Wednesday, June 23, 2010

Sometimes You've Just Got to Say, What the Cluck

One of the goals of living in this house is to produce as much of our own food as possible. There's enough space--really more than enough space--for an expansive vegetable garden. (My husband is a canning fiend-how many men do you know who have their own pressure canners and love to use them?) We've planted four citrus trees and four pomegranate bushes already, and have tomatoes, peppers, strawberries and corn going in some temporary raised beds we put in so we could feel like we were making progress while waiting for the permits. Once we move in this weekend, I'm going to clear out the bed that runs along the cinderblock wall separating us from the funeral home next door (yeah, funeral home next door. They held services for John Steinbeck there before his ashes were interred at a local cemetery) and start planting the berry bushes that eventually will cover the wall. I'll start the herbs going as well--I've gotten some good advice from the folks at Rocket Farms. The water department is coming next week to install the new water main, and once that's done we'll start working on the drip irrigation system for the beds that eventually will cover the entire front yard.

And we want chickens. Urban chickens. We got fairly spoiled living around the block from Fred Dodsworth, who along with his wife Linda has a very active egg operation going in their backyard. But urban chickens were no big deal in Berkeley; it wasn't unusual to see one that had escaped from its yard and gone wandering down the street. There were far weirder things to see in Berkeley.

Originally uploaded by Dave-F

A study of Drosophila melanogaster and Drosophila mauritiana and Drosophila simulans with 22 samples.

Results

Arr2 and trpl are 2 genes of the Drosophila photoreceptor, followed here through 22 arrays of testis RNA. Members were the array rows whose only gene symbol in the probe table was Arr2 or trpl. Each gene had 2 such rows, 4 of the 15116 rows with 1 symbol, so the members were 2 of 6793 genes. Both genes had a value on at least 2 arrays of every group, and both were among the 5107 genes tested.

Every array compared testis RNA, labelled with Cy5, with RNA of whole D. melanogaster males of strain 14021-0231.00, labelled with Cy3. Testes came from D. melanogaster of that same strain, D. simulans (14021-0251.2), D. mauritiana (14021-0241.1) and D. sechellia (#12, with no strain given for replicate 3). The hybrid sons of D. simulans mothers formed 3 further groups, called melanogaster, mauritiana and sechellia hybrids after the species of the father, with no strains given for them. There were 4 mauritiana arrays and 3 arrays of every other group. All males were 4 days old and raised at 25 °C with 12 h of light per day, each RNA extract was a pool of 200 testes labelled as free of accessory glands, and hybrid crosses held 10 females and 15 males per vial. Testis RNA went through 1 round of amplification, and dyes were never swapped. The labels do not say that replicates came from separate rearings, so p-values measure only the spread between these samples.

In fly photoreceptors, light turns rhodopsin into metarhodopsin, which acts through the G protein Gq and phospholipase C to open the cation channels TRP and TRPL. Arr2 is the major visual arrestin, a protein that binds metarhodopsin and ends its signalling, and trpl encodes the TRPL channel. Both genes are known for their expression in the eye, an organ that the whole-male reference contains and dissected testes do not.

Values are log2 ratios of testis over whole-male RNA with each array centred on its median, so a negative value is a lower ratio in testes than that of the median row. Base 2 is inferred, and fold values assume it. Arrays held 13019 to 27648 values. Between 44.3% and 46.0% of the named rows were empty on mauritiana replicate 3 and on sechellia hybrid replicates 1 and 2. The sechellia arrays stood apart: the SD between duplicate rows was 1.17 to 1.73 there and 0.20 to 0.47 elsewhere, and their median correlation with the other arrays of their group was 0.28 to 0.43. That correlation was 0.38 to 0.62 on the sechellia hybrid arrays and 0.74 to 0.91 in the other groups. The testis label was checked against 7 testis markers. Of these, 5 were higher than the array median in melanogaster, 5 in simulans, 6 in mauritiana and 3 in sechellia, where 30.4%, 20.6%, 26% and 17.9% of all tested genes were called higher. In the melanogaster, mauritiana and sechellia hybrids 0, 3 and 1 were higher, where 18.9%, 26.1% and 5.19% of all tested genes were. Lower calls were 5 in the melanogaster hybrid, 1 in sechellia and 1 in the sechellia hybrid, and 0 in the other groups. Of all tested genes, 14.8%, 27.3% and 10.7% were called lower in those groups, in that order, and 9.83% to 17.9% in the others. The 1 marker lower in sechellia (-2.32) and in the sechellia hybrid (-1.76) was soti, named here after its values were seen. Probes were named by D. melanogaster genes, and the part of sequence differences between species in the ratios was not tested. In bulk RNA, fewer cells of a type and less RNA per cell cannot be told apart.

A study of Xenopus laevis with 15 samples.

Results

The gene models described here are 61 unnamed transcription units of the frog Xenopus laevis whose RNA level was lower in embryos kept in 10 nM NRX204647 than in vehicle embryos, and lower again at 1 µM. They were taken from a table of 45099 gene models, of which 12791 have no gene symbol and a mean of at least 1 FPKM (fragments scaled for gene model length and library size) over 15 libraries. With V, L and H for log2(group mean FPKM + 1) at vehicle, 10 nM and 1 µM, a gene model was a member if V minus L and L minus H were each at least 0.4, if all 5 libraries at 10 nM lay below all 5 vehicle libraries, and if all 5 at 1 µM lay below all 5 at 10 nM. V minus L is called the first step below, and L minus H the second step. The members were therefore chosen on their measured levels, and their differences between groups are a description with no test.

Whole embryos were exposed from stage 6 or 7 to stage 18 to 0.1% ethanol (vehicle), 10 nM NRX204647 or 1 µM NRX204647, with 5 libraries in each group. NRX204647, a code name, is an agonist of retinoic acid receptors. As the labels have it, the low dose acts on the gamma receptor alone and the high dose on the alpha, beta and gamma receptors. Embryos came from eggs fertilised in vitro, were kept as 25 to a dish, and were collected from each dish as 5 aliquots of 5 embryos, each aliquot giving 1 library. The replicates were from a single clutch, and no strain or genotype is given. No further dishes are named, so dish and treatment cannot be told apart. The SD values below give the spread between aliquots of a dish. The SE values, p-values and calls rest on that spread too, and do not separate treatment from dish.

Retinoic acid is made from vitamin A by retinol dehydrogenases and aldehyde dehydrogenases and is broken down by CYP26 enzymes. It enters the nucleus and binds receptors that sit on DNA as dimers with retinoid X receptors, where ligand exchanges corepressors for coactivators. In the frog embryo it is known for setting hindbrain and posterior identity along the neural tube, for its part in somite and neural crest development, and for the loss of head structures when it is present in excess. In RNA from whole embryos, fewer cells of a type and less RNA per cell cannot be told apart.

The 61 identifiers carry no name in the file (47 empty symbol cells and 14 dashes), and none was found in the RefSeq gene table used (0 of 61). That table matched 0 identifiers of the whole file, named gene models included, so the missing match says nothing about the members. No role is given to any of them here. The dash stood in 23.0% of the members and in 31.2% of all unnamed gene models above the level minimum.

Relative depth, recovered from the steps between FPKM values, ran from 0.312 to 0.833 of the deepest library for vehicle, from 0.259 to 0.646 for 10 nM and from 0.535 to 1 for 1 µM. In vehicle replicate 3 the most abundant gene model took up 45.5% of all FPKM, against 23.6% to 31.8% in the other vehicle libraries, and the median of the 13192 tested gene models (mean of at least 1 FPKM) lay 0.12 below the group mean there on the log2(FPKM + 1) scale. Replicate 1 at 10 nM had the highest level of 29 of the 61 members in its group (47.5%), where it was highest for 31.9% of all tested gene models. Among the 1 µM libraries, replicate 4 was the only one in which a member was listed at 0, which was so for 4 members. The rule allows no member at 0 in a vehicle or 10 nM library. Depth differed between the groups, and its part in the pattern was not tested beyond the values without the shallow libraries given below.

(Photo used with permission under a Creative Commons' license.)

Fresh eggs are out of this world. Nothing compares, at least nothing you can buy in a store. And so it is with a heavy heart that I make the following proclamation: I am about to become an urban chicken outlaw. Because in the city of Salinas, there are no chickens allowed--at least not in my mixed-use neighborhood. (Meth labs? No worries. Illegal car repair shops? They turn a blind eye. Urban chickens? You're a scofflaw.)

I understand completely that noise and smell are concerns. We only have one living neighbor, Mike the Sprinkler guy, with whom we share a fence on the north side of the house. The three houses next to his are all empty and in foreclosure. On our other side is the funeral home, behind us is an alley, and across the alley is one restaurant and a bunch of shops. We're not planning on roosters, and fewer than a half dozen laying hens for eggs, with the coop positioned in the rear yard adjacent to the alley.

It's not a matter of "if you do it right, you can have them" as far as the city is concerned. We're going to seek out a conditional use permit, because I believe in following the process just to amuse myself. We'll lobby the city council, we'll seek the CUP, but in the end, we're probably going to become illegal chicken ranchers.

They're lucky Chuck won't actually let me get a goat.


  1. Given that your luck is so good, I am not so sure chickens are a good idea.
    My friend Rachel has chickens and she has really good luck! She loves to talk about the chickens (and growing stuff) and has good ideas about whatever it is chickens live in. Her blog is here and you can just type "chickens" in her search box.

  2. That reminds me of the song they used to do on Hee Haw (shut up, my parents watched it) ... woe, despair and agony on me ... if it weren't for bad luck I'd have no luck at all ...

    And hey-I LIKE the new hair.

  3. Dude, I have enough criminals in my life. Not you too...

  4. Goats are goooood eatin' and they'll clear all the weeds from your lot, give you goat fertilizer and goat milk. Yum. I'm talking to the C-Man right now and I'm encouraging him to up the ante on the chicken ranch. I've currently got eight gals, down from 17 and a rooster (good eatin'). With only six birds you won't get enough eggs to eat regularly, especially if you want to bake with eggs.

  5. Get bees, too! Great for upping the productivity of your fruits and vegetables (and you get great local honey, which is costing $15 a pound at the store!! and is good for 'immunizing' you against local pollen allergies).